Using GPS Technology To Track Down Wayward Pets… And Straying Spouses?

An American manufacturer has come up with a device that allows people to “track what’s important.” For some that could mean pets or property. But what happens when the tracker’s target is of the two-legged variety?

GPS trackers can help owners reunite with thier beloved dogs
GPS trackers can help owners reunite with thier beloved dogs
Anouch Seydtaghia

Pet owners are often tormented by the thought that their beloved companion might one day go astray and disappear. It's understandable, therefore, that they might be interested in buying a device that promises to keep track of their potentially wayward animals. But are they the only ones who might be intrigued by such a gadget? Don't bet on it.

An American company called Garmin has recently come out with a tiny GPS tracker called the GTU 10. Like something out of a James Bond film, the high-tech gadget could indeed be a godsend for someone desperately hoping to bring Lassie home. But it's not hard to imagine people might find some other interesting uses for the tiny tracker. Ethical issues aside, a GTU could be just the thing for a controlling boss keen to know the whereabouts of his employees, or a suspicious spouse worried about his or her partner's wandering ways.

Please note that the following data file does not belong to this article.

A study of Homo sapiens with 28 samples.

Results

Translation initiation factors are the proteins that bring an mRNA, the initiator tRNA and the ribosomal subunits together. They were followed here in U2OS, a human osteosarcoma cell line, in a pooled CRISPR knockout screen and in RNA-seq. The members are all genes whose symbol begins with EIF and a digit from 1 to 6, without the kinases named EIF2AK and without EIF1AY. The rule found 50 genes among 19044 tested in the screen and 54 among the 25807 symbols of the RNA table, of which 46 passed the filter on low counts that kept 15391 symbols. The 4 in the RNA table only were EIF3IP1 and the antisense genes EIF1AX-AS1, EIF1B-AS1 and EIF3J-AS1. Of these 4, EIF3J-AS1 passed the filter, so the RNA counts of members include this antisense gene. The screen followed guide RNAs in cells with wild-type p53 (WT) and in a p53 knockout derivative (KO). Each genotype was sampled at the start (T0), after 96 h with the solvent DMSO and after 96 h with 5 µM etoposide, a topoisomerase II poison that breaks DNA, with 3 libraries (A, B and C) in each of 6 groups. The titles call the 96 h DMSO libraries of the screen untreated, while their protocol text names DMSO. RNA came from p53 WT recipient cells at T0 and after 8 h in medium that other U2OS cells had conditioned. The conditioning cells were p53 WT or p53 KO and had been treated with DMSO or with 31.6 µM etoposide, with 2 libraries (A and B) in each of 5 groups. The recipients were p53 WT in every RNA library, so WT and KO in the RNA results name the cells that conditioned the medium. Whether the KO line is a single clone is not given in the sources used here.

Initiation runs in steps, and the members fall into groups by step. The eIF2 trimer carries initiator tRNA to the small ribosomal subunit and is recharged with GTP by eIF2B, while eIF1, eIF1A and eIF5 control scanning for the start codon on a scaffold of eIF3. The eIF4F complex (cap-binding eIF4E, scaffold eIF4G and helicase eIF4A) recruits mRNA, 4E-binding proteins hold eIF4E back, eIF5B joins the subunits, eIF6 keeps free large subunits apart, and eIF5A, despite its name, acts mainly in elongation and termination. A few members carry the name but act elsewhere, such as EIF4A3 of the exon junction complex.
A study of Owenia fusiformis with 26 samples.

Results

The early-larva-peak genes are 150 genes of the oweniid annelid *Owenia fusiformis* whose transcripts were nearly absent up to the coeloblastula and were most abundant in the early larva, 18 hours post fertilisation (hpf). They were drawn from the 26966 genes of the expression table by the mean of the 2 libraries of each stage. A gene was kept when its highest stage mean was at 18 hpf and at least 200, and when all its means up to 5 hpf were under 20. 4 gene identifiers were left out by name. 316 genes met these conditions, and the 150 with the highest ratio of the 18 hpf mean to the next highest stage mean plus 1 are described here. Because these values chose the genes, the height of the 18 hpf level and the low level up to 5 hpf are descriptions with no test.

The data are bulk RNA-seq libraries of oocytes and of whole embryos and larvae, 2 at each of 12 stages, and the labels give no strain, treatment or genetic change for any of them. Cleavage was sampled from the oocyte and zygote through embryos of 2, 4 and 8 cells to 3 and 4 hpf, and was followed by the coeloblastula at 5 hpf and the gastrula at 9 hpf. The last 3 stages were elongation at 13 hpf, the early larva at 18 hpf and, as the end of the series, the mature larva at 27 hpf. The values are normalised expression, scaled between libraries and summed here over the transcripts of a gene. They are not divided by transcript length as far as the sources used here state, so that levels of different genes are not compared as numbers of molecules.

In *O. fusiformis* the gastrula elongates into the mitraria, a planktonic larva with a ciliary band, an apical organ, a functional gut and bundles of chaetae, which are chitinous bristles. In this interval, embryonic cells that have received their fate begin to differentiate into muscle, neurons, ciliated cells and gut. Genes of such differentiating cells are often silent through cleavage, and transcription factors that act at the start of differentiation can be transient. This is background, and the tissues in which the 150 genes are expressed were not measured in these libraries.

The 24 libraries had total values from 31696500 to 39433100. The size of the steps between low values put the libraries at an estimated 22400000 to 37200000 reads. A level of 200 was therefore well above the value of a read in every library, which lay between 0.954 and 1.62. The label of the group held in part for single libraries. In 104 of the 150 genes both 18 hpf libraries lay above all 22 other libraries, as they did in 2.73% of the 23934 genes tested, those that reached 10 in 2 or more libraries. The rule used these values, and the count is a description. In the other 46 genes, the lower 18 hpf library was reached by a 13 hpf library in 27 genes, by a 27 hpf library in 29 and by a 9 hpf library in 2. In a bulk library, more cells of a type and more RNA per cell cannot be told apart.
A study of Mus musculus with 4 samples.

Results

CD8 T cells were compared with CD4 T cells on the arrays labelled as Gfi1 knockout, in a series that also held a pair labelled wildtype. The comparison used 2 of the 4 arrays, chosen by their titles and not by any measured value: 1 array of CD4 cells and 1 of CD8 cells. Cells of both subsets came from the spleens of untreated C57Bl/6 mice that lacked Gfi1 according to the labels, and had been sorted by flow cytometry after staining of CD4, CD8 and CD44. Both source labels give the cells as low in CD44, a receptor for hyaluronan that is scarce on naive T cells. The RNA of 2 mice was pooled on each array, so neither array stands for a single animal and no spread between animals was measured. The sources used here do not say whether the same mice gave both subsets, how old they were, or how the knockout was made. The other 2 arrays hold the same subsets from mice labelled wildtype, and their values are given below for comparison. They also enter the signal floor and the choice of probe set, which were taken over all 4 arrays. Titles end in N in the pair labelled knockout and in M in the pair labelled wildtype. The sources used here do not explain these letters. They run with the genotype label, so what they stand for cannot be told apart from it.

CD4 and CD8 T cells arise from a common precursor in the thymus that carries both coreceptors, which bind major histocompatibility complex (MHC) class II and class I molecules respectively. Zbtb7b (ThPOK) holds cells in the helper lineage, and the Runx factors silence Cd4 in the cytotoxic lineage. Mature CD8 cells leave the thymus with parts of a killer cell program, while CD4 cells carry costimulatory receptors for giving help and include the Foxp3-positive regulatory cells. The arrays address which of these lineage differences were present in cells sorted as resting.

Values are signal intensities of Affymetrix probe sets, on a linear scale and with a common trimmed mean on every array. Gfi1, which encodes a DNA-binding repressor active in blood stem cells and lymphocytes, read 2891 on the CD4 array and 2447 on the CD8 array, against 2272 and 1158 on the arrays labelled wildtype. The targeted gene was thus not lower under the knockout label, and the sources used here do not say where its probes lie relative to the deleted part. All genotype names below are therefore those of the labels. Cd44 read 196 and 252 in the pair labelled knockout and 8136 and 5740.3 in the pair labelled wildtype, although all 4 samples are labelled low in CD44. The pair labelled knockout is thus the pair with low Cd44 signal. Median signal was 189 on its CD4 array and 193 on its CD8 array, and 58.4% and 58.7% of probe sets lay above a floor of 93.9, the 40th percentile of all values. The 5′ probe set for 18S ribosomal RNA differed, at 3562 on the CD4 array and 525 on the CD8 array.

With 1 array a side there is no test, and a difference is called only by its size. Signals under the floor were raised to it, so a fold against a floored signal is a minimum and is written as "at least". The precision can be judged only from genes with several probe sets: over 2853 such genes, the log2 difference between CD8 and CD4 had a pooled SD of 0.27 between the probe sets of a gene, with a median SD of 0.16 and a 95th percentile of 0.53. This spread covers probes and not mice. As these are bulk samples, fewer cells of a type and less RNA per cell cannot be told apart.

End Of Roe v. Wade, The World Is Watching

As the Supreme Court decides to overturn the 1973 decision that guaranteed abortion rights, many fear an imminent threat to abortion rights in the U.S. But in other countries, the global fight for sexual and reproductive rights is going in different directions.

"Don't abort my right" At 2019 pro-choice march In Toulouse, France.

Alain Pitton/NurPhoto via ZUMA
Hannah Steinkopf-Frank and Sophia Constantino

PARIS — Nearly 50 years after it ensured the right to abortion to Americans, the United States Supreme Court overturned the Roe v. Wade case, meaning that millions of women in the U.S. may lose their constitutional right to abortion.

The groundbreaking decision is likely to set off a range of restrictions on abortion access in multiple states in the U.S., half of which are expected to implement new bans on the procedure. Thirteen have already passed "trigger laws" that will automatically make abortion illegal.

U.S. President Joe Biden called the ruling "a tragic error" and urged individual states to enact laws to allow the procedure.

In a country divided on such a polarizing topic, the decision is likely to cause major shifts in American law and undoubtedly spark outrage among the country’s pro-choice groups. Yet the impact of such a momentous shift, like others in the United States, is also likely to reverberate around the world — and perhaps, eventually, back again in the 50 States.